June 20, 2018
At its June 14 meeting, the CMTBC Board approved a new standard of practice on professional boundaries. The standard of practice, which clearly defines expectations for RMTs in the area of boundaries, includes:
The boundaries standard, which empowers RMTs to exercise their professional judgement and discretion when faced with difficult or unclear circumstances in practice, goes into effect July 1, 2018. Read the standard of practice on boundaries.
CMTBC started researching and developing the boundaries standard of practice in 2016. RMTs and public representatives on the Patient Relations Committee and the Quality Assurance Committee, and staff contributed to the process.
At its April 13, 2018 meeting, the CMTBC Board approved the release of a proposed boundaries standard of practice for an eight-week notice period, from April 16 to June 11, 2018. During the notice period, any RMT or member of the public had the opportunity to submit comments about the proposed new standard by email.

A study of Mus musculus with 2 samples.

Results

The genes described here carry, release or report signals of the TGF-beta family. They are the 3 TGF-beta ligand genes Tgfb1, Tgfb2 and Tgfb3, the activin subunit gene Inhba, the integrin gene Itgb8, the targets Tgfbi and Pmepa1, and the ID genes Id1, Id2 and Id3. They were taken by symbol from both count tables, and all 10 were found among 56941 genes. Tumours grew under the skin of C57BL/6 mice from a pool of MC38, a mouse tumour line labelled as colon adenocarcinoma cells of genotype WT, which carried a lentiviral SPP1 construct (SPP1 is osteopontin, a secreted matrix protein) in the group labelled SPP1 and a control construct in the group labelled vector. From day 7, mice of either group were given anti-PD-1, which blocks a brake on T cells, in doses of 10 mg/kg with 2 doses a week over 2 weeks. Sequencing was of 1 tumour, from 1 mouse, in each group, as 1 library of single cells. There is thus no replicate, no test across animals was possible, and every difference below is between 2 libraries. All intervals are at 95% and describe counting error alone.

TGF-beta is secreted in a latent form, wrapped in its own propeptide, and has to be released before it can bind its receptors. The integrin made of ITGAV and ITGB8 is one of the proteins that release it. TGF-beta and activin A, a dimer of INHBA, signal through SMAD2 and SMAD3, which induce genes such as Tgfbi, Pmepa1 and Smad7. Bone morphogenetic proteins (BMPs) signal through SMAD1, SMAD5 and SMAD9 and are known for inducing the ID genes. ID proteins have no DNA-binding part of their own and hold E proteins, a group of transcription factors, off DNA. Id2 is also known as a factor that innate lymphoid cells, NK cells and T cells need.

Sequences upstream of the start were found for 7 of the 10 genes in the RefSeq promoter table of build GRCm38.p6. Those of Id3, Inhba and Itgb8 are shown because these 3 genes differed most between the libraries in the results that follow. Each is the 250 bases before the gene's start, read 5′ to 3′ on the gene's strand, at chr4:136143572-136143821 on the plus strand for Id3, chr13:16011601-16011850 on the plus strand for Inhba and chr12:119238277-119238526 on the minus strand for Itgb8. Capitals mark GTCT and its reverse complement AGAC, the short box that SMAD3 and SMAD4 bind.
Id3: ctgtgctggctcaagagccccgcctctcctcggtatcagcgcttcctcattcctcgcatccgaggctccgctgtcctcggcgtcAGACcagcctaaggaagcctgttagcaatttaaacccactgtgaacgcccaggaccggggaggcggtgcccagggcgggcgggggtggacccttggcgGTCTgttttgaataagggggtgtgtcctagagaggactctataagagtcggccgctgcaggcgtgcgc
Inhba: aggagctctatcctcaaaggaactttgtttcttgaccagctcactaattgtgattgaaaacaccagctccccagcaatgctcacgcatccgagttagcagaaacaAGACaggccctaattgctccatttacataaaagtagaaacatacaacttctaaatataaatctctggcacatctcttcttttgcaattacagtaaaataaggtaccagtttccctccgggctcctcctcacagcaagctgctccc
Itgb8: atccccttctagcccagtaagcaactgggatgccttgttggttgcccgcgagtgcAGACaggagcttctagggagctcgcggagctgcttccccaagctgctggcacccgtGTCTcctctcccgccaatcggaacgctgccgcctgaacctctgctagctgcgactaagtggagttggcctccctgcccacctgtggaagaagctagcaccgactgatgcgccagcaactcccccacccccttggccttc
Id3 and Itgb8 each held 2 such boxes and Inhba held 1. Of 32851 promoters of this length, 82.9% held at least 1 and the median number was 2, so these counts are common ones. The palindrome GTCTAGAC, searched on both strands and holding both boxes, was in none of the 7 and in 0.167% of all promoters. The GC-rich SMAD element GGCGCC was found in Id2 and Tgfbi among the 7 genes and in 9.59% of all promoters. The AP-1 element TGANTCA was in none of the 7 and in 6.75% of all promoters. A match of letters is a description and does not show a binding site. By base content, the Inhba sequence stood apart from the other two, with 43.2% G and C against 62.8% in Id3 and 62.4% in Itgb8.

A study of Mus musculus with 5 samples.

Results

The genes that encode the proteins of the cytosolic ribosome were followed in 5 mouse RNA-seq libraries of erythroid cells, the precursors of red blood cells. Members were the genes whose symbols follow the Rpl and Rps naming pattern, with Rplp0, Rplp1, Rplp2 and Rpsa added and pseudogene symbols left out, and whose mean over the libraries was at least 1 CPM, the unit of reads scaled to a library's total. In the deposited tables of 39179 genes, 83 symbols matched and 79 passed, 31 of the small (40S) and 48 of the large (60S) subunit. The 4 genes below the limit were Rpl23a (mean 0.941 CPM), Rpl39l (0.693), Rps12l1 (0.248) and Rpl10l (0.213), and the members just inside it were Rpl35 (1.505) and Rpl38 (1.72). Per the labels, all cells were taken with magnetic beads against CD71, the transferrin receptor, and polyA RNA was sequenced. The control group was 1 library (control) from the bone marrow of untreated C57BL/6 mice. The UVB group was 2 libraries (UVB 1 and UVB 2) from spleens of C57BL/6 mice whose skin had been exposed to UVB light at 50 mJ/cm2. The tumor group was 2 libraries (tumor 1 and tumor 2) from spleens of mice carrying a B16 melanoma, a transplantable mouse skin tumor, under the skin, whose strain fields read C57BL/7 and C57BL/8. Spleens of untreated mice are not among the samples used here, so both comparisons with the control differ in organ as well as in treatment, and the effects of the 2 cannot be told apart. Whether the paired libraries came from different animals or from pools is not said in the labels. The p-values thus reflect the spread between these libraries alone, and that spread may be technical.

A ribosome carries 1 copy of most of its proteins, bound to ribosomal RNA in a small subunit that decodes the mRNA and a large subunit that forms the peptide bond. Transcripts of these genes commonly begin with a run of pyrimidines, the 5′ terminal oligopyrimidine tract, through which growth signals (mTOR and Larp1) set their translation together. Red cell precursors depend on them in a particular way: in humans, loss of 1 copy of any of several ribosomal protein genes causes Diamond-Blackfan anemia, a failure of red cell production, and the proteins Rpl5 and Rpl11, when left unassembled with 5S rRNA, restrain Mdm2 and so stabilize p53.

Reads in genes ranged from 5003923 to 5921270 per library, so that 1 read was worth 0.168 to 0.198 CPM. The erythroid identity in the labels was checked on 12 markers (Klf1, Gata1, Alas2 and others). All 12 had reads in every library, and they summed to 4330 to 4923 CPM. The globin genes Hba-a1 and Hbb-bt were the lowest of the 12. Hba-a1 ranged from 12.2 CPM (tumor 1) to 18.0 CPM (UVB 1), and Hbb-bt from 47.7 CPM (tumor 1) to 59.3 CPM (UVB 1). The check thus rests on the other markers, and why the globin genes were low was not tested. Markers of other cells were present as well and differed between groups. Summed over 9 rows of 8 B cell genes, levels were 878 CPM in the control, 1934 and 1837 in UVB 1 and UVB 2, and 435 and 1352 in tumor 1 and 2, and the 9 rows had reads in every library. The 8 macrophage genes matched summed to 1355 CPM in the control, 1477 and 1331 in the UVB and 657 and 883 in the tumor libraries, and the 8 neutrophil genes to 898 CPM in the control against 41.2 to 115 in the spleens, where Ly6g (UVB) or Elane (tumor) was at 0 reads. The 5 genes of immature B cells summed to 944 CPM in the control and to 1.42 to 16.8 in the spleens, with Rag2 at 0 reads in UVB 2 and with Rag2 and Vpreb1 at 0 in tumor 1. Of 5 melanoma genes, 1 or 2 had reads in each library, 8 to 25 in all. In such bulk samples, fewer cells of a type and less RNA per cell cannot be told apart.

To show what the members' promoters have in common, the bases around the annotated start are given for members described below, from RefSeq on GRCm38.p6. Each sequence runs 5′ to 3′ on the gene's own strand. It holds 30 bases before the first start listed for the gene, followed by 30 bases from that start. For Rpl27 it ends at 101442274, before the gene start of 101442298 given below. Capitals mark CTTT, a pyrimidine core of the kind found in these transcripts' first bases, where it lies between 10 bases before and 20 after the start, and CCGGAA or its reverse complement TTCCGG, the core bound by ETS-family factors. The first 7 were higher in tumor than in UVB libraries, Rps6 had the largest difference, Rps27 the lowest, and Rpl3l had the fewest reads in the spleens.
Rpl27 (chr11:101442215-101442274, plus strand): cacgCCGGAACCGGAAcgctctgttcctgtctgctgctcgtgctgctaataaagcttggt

“Thank you to RMTs and members of the public for providing feedback,” says CMTBC Registrar and CEO Eric Wredenhagen. “The feedback helped CMTBC clarify and improve the proposed standard of practice. In particular, the definition of ‘close personal relationship’ received a good deal of comment, and thanks to the helpful responses of a number of RMTs, we now have a definition that more accurately captures the distinction between appropriate and inappropriate RMT-patient relationships.”
Under section 19 of the Health Professions Act, the CMTBC Board may establish “standards, limits or conditions” for practice as part of its Bylaws. The boundaries standard is the first of a number of new stand-alone standards of practice that will complement CMTBC’s Code of Ethics and ultimately replace Schedule “D” of the CMTBC Bylaws. (Schedule “D” will not be repealed until all of the new standards of practice are in effect.)
CMTBC is developing a standard of practice on scope of practice, which will be followed by standards of practice on consent and other topics.
“Building out the standards of practice to reflect current best practices in regulation is important work for the College,” says Mr. Wredenhagen. “Developing the standards of practice is part of CMTBC’s core mandate to protect the public.”